Gingrich: Still in, says Romney likely GOP nominee
By KIMBERLY HEFLING
WASHINGTON (AP) — Republican presidential candidate Newt Gingrich once led his rivals for the nomination in polls. Today, he's millions in debt and describing Mitt Romney as "far and away the most likely" GOP nominee.
Running for president "turned out to be much harder than I thought it would be," he said Sunday.
"I do think there's a desire for a more idea-oriented Republican Party, but that doesn't translate necessarily to being able to take on the Romney machine," Gingrich told "Fox News Sunday" in a reflective interview.
After his Jan. 21 victory in the South Carolina primary, the former House Speaker said the Florida primary he lost in the following days turned into a "real brawl." He said Romney did a good job building a substantial machine, adding he has no regrets.
"Unfortunately, our guys tried to match Romney," Gingrich said of the Florida match-up. "It turned out, we didn't have anything like his capacity to raise money."
Gingrich said he has a little less than $4.5 million in campaign debt, and he's operating on a shoestring budget.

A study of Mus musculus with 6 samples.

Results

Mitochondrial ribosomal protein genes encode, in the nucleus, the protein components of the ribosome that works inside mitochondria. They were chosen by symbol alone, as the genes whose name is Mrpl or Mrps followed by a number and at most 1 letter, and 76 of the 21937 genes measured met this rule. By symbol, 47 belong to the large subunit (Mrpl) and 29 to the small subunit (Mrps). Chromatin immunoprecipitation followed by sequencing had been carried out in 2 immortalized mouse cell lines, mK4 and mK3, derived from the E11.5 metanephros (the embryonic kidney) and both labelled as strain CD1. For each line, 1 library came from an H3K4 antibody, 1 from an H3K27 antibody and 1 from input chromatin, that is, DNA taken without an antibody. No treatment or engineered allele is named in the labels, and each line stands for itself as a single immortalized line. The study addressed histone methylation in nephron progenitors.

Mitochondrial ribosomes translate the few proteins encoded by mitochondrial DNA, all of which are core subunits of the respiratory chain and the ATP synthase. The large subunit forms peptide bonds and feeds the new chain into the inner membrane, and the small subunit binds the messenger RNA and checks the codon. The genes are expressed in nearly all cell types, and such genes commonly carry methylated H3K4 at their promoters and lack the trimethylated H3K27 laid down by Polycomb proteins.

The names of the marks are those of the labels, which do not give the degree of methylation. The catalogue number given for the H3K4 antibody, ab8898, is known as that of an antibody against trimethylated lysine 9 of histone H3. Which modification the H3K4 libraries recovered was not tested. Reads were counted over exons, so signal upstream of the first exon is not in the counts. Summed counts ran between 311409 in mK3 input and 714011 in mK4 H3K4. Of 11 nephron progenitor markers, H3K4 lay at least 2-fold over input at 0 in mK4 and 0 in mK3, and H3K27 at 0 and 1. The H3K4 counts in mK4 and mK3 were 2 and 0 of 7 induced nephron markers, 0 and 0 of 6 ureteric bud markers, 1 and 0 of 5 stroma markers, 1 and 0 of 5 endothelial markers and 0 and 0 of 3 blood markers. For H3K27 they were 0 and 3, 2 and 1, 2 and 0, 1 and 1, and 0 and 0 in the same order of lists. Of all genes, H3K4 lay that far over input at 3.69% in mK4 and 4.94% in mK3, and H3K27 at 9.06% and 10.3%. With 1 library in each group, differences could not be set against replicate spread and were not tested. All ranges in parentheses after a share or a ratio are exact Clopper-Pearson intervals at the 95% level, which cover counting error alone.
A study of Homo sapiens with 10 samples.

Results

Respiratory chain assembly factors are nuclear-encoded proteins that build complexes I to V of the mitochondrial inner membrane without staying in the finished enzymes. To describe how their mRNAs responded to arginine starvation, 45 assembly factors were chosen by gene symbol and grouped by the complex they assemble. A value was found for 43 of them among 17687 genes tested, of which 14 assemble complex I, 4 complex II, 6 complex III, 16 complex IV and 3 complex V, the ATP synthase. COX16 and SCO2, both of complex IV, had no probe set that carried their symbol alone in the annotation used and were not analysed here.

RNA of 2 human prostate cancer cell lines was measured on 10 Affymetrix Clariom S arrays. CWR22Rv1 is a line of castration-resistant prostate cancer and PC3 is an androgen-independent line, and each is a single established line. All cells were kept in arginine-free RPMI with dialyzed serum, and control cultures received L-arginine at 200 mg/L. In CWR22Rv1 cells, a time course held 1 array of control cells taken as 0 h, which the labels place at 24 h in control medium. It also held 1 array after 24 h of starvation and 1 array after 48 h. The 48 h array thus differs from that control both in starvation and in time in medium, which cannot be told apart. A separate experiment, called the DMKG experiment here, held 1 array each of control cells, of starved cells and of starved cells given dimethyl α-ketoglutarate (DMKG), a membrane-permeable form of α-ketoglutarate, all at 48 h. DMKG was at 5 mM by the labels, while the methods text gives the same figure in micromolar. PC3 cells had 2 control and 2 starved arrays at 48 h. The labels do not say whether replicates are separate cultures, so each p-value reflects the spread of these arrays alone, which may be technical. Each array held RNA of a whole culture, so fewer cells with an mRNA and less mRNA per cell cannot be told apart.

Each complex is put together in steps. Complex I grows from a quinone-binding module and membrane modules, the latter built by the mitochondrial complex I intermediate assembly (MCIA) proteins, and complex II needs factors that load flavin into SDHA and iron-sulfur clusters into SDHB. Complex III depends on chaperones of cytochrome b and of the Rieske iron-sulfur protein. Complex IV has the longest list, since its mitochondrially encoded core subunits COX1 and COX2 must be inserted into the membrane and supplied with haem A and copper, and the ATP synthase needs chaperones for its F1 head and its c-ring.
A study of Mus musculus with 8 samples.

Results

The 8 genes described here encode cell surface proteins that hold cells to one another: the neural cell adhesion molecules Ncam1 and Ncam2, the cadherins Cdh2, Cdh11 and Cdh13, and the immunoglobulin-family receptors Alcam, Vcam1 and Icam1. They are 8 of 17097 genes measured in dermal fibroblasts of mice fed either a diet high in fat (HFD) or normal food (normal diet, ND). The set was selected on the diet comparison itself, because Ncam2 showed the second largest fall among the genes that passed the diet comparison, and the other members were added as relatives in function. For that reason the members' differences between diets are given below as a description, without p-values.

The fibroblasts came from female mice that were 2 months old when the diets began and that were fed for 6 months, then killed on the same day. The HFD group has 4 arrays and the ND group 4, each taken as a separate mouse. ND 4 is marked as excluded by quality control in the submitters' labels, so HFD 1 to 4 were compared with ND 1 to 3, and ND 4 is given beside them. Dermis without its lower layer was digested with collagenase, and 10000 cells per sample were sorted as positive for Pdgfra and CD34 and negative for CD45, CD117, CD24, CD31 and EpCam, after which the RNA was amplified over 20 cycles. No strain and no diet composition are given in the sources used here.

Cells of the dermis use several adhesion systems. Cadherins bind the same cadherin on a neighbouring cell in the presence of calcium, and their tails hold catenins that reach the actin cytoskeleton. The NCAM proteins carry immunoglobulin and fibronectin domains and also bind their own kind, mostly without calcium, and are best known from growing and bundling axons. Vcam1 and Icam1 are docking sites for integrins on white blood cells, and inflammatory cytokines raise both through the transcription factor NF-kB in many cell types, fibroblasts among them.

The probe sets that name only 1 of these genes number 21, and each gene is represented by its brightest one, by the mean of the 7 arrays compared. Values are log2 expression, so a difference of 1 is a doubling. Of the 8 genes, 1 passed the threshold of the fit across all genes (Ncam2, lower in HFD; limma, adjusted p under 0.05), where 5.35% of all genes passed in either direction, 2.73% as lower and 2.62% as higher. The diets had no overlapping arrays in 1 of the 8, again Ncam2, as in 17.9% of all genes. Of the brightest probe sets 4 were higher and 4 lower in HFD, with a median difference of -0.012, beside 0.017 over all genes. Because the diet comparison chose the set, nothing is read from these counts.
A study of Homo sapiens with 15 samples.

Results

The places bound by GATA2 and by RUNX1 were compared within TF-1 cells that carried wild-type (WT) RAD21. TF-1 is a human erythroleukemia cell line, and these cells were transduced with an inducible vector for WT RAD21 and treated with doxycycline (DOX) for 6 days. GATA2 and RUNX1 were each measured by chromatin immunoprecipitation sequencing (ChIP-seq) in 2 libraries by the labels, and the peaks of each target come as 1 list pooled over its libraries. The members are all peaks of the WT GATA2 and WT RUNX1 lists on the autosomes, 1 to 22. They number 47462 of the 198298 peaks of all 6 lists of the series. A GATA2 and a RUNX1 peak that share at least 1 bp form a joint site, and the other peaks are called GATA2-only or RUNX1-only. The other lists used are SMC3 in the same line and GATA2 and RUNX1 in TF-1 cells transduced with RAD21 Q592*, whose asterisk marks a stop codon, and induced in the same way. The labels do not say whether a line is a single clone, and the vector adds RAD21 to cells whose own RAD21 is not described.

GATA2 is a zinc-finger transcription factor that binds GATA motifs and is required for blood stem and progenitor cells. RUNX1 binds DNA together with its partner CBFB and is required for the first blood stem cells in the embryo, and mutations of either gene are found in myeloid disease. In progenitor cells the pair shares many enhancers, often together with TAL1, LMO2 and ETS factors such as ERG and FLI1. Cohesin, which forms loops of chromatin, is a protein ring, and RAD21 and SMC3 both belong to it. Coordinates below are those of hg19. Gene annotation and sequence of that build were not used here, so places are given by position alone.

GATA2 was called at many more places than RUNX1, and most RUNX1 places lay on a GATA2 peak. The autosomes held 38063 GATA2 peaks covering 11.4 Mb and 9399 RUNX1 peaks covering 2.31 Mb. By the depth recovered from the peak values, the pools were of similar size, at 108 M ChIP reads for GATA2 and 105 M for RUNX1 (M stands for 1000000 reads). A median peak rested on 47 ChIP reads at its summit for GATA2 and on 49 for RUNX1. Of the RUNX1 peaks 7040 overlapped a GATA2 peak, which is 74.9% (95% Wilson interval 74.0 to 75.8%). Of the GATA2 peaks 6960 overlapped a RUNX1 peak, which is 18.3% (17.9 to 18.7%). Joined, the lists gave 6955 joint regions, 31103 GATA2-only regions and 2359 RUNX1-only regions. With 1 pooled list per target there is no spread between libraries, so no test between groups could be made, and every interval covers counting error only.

Despite Gingrich's acknowledgment of what appears to be his inevitable defeat, the former House speaker Gingrich isn't ready to drop out. Gingrich wants to influence the party's platform, which is a statement of principles on the issues. He's interested in promoting increased domestic oil production and personal Social Security savings accounts.
But, if Romney secures the nomination, Gingrich said he'll campaign for him.
"I hit him as hard as I could. He hit me as hard as he could. It turned out he had more things to hit with than I did. And, that's part of the business. He's done the fundraising side brilliantly," Gingrich said.
Gingrich has had a campaign full of ups and downs. Just weeks after entering the race last year, his campaign imploded. Months later, in the weeks before the Iowa caucuses, he surged. He came in behind Romney and Rick Santorum in Iowa, but won South Carolina. He had several losses before winning his home state of Georgia. He had hoped to carry the momentum of that win to other contests in the South, so far unsuccessfully.